Big dogs can look intimidating thanks to their massive size, but some behave like lap dogs! These huge pups might climb into your lap for a cuddle, roll onto their back for a tummy rub, or run away in terror from smaller animals like cats. But why do big dogs think they are small?
Big dogs do not think they’re smaller than they are, although they might exhibit behaviors that we associate with small dog breeds. Many big dogs behave like small dogs when showing off or wanting affection. These behaviors are common to all dogs, regardless of size.
In this article, we’ll explore why some big dogs act like they’re much smaller than they are. We’ll also discuss how to curtail some behaviors that you might find unpleasant.
Before we can address the reasons why big dogs might act like tiny puppies, we need to ask ourselves, “How do big dogs act like they’re small?”
Are there any specific behaviors associated with small dogs that are less common in bigger dogs?
According to dog owners, small dogs tend to be more:
These traits lead to behaviors like constant affection-seeking and refusing to obey commands. Small dogs may also crave immediate physical comfort when frightened.
For example, a small dog might not think twice about jumping into a trusted household member’s lap after hearing loud noises or encountering strangers. But while these behaviors are relatively common among small dogs, they’re not specific to them.
Behaviors Associated With Small Dogs Aren’t Size-Specific
While some breeds have more specific temperament traits than others, all dogs experience fear, anxiety, and a need for attention—no matter how large or small they are!
These emotions induce similar behaviors in dogs, regardless of their breed.
For example, when a dog wants affection, it’ll likely approach someone it trusts and get as physically close to that person as it possibly can. This often means climbing into that person’s lap, which can be uncomfortable if the dog is about as large and heavy as the human!
So, while we often picture purse-sized pups cuddled in their owner’s lap, this affectionate behavior isn’t specific to small dogs. In fact, most dogs are very affectionate and enjoy being close to their favorite people.
But do large dogs know they can make their owners uncomfortable by climbing onto them for a cuddle? Do they realize how big they are?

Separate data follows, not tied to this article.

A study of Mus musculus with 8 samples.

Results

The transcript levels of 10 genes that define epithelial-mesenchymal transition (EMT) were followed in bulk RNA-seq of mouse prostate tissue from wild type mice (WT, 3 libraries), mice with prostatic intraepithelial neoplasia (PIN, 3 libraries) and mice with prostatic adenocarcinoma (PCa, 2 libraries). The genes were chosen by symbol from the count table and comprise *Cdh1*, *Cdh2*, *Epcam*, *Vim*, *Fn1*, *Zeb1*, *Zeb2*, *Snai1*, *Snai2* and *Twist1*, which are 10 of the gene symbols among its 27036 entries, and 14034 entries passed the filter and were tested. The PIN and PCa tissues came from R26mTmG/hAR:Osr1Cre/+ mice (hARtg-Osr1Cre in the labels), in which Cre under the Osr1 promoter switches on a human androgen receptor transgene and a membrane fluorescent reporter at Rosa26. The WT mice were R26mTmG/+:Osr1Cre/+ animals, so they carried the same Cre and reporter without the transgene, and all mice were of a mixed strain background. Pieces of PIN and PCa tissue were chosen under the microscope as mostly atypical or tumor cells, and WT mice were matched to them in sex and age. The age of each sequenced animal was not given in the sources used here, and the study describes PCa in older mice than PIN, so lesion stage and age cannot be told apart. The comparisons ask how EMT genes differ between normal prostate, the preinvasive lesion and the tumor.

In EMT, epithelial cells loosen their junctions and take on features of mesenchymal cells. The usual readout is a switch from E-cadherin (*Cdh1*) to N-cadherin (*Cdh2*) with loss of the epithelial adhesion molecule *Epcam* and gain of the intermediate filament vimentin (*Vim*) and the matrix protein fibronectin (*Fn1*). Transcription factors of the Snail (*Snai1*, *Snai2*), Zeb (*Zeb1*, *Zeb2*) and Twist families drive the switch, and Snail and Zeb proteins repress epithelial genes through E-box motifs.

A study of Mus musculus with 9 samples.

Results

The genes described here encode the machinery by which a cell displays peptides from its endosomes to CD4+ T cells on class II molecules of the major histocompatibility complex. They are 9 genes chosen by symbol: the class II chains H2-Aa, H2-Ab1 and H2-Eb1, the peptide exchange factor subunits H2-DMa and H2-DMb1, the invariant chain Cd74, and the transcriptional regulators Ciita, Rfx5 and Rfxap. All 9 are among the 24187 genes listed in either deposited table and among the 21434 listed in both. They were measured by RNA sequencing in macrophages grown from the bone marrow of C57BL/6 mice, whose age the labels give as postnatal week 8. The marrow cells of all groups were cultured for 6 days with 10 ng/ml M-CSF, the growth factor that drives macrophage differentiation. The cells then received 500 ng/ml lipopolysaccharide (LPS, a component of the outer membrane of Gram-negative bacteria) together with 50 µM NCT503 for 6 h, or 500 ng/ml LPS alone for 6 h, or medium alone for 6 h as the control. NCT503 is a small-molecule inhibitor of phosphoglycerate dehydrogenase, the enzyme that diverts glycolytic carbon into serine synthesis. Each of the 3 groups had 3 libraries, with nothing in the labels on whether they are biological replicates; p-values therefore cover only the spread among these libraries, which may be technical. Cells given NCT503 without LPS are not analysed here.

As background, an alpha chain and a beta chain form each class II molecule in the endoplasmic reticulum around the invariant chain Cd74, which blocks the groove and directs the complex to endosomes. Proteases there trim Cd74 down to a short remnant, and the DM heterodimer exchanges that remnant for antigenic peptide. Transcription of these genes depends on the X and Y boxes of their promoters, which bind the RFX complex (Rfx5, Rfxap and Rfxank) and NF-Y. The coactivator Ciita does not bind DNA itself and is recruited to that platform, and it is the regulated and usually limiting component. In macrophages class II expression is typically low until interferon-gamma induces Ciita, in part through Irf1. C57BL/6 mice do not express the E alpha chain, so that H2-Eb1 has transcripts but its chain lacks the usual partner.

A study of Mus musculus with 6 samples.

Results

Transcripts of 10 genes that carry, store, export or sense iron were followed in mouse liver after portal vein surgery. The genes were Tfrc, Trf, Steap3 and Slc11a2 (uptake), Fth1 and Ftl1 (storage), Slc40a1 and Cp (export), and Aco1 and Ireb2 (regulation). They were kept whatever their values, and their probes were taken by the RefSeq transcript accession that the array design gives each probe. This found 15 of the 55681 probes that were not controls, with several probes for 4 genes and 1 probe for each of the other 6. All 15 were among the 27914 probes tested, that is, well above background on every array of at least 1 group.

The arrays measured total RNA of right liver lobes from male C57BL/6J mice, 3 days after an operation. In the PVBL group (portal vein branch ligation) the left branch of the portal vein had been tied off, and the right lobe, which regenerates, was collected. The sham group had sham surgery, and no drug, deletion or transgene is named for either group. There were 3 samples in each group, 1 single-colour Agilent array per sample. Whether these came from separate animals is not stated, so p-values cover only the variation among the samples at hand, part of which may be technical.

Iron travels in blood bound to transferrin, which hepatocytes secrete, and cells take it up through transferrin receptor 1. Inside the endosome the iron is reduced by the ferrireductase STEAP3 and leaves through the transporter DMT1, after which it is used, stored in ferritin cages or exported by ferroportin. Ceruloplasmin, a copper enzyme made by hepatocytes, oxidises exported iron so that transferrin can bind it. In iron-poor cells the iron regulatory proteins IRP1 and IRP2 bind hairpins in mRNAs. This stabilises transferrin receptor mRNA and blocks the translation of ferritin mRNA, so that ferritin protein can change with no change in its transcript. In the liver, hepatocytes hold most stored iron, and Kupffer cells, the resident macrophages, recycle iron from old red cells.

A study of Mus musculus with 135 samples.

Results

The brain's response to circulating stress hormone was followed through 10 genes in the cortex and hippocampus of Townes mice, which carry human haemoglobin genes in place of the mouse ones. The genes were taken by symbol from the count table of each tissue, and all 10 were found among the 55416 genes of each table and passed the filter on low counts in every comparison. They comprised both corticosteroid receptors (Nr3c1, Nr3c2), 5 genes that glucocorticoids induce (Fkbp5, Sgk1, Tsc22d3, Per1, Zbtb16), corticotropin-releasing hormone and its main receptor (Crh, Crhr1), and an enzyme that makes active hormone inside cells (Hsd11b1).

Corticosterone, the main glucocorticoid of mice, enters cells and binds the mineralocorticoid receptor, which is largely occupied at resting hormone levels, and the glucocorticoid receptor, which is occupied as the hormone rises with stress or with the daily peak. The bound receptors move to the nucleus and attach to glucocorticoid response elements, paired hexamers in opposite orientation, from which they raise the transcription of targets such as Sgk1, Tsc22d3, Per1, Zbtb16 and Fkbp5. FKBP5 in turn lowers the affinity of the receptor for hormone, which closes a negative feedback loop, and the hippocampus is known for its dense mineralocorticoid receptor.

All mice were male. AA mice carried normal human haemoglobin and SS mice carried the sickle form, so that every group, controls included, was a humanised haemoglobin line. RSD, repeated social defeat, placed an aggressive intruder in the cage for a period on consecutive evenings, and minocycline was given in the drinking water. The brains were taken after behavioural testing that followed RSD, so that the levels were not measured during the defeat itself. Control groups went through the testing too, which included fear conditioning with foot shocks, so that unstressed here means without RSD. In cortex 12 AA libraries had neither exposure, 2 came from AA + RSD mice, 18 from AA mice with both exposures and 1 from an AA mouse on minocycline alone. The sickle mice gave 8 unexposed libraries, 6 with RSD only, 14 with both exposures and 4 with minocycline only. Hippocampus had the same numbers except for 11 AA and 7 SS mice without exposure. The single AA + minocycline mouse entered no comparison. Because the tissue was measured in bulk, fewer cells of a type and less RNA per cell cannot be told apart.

Dogs Have Some Level of Physical Awareness
Although it’s easy to interpret a big dog’s fearful or hyper-affectionate behaviors as a sign that they think they’re smaller than they are, a study published in 2021 shows that dogs have some awareness of their bodies.
Consequently, big dogs are more than likely aware of their size. But they might behave like small dogs when feeling fear or desiring comfort.
Knowing that your dog trusts and loves you enough to come to you for comfort when they’re scared or lonely is great. However, having a big dog climb onto your lap or flop onto you while you’re lying in bed can be uncomfortable or even painful.
Fortunately, there are ways to keep big dogs from doing this.
How To Keep Big Dogs From Climbing Onto Your Lap
Regular training from an early age is the best way to condition a dog to stay out of your lap. Hiring a dog trainer is a great way to curtail unwanted behaviors, including inappropriate expressions of affection. Or some may prefer using a training collar for commands.
It can also help keep your large pup from climbing onto furniture (chairs, sofas, beds), preventing them from getting into your lap or bed when they want to show or receive affection. Commands like “sit” and “stay” are particularly helpful when training your dog to resist the urge to climb or jump.
However, there are some “small dog” behaviors you won’t be able to train out of your big dog.
Small Dog Behaviors You Can’t Train Out
For example, a big dog might roll over onto its back when it’s excited to see you or wants a belly rub. Additionally, some big dogs might remain fearful of cats and other small animals (usually due to an unpleasant prior experience).
These are natural and instinctual responses, and because most don’t cause any harm, it’s vital to allow them to go unpunished and uncorrected.
Big dogs can act like they think they’re small, but studies show that dogs are aware of their bodies and size. Consequently, it’s far more likely that the “small dog behavior” big dogs exhibit (like climbing into an owner’s lap) is an expression of their trust and affection.
Still, if you don’t want your large dog climbing into your lap, you can discourage this behavior by hiring a reputable dog trainer. Starting your dog early (while they’re still a puppy) is one of the most effective ways of training your dog to stay off your lap.